Peter C. Rhee, DO, MS; David B. Jones, MD; Steven L. Moran, MD; Alexander Y. Shin, MD
Orthopaedic Surgery, Mayo Clinic, Rochester, MN

Purpose: Lunate morphology has been postulated to play an integral role in the pathogenesis of Kienbock’s disease. The purpose of this study is to determine if the absence (type I) or presence (type II) of a medial (hamate) facet on the lunate will effect the radiographic characteristics and severity of Kienböck’s disease.

Methods: A retrospective review was performed on all patients evaluated and treated at our institution from 2002 to 2010 with a diagnosis of Kienböck’s disease which was confirmed on magnetic resonance imaging (MRI) and/or bone scan. Study groups consisted of type I versus type II lunates, as determined by MRI and/or computed tomography. Investigated variables included the modified Lichtman’s stage on presentation, radioscaphoid angle, presence of a coronal plane fracture of the lunate, modified carpal height, ulnar variance, and ulnar translocation of the carpus.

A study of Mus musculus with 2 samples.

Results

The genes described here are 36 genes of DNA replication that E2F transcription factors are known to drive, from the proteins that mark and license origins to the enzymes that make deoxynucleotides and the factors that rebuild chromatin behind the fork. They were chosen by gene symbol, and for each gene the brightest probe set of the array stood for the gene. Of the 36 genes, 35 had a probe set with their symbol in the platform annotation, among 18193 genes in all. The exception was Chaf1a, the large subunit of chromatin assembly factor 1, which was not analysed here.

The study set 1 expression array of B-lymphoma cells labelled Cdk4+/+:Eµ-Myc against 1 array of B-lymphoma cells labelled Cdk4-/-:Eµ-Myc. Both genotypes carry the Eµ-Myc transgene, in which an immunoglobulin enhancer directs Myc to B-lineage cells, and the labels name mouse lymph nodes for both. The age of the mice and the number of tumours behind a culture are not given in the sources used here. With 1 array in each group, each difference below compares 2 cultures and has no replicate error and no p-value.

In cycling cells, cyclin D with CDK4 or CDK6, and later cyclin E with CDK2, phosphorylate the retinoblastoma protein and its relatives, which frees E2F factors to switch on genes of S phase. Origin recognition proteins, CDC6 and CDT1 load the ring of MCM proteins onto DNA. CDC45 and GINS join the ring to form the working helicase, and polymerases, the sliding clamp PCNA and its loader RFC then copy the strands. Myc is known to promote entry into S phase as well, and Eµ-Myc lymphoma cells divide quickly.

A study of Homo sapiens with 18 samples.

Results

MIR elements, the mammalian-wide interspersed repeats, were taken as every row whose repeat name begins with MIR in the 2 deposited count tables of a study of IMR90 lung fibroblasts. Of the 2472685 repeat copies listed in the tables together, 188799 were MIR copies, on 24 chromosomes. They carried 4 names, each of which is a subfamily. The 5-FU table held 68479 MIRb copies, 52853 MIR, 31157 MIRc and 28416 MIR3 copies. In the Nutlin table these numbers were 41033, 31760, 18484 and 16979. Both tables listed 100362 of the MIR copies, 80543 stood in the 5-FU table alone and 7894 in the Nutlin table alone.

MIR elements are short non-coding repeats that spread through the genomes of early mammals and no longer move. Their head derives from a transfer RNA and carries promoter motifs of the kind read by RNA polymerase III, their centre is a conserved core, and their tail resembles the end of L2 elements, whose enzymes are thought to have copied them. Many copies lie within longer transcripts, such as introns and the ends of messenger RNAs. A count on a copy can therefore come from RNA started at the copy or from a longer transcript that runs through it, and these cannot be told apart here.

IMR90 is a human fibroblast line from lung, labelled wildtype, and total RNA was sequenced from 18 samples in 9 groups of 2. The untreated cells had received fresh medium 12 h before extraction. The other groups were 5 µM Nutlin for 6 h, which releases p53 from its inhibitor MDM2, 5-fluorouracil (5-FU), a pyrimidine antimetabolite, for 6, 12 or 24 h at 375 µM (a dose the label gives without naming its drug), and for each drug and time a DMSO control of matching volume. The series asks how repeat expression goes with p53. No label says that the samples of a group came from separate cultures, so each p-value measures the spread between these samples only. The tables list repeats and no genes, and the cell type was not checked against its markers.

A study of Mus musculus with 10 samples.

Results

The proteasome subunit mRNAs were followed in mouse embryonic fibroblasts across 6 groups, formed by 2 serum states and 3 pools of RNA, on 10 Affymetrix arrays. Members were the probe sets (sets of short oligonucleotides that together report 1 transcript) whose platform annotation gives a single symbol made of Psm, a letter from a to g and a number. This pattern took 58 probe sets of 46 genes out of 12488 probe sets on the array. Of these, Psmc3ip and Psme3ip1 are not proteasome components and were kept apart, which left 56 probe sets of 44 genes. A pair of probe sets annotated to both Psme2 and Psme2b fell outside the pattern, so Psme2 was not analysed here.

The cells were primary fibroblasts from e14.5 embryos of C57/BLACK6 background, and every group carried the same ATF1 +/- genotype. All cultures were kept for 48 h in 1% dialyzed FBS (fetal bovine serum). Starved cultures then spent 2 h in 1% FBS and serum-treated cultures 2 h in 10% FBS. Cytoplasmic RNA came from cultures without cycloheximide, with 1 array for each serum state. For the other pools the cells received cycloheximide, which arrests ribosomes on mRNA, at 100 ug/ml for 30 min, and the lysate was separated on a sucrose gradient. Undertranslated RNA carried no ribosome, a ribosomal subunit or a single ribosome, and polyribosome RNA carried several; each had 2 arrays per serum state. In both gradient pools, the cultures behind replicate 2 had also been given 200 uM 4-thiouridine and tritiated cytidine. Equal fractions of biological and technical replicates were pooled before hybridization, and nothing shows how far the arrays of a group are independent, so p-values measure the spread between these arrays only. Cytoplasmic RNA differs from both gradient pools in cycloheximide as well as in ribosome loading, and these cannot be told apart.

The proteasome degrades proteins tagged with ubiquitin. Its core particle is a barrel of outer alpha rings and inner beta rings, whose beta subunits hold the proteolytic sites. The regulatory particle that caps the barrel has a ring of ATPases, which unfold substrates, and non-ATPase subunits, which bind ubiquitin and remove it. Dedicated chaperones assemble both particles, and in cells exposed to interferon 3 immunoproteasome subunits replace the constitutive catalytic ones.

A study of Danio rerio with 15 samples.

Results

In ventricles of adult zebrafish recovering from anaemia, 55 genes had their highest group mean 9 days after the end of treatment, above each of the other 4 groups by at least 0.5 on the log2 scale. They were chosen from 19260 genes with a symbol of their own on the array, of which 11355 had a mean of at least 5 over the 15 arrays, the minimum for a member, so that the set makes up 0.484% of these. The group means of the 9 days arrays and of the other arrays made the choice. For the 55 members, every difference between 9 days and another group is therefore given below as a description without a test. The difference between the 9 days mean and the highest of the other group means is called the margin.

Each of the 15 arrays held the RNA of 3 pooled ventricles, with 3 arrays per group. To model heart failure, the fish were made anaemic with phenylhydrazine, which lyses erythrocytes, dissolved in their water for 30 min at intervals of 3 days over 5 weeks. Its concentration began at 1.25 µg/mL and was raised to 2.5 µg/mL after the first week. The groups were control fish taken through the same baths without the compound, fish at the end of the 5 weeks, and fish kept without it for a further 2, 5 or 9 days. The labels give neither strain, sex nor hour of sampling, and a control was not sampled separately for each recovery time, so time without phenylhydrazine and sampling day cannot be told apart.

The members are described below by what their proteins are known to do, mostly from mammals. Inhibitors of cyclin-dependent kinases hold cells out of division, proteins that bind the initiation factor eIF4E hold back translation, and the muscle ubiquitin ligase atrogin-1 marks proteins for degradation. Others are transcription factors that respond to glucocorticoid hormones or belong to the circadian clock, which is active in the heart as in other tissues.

Results: A total of 106 wrists were included, 75 type I (71%) and 31 type II (29%) lunates. There was significantly more advanced disease (greater than stage 2) upon presentation in type I lunates (n=64, 86%) compared to type II lunates (n=19, 61%, p <0.05). Coronal fractures of the lunate were present in 76 wrists (72%) and were more likely in type I (n=58, 75%) compared to type II lunates (n=18, 58%, p=0.05). In the absence of a coronal fracture, radioscaphoid angles were greater in type I (53°) versus type II lunates (45°, p=0.04). There were no significant differences in modified carpal height, ulnar variance, or ulnar translocation of the carpus between both types of lunates.

Conclusion: Lunate morphology effects the severity of Kienböck’s disease at the time of initial staging. The incidence of coronal fractures of the lunate is 72% upon presentation, with type II lunates being protective against coronal fractures. The medial (hamate) facet of a type II lunate may prevent against scaphoid flexion deformity, thus limiting the progression of Kienbock’s disease.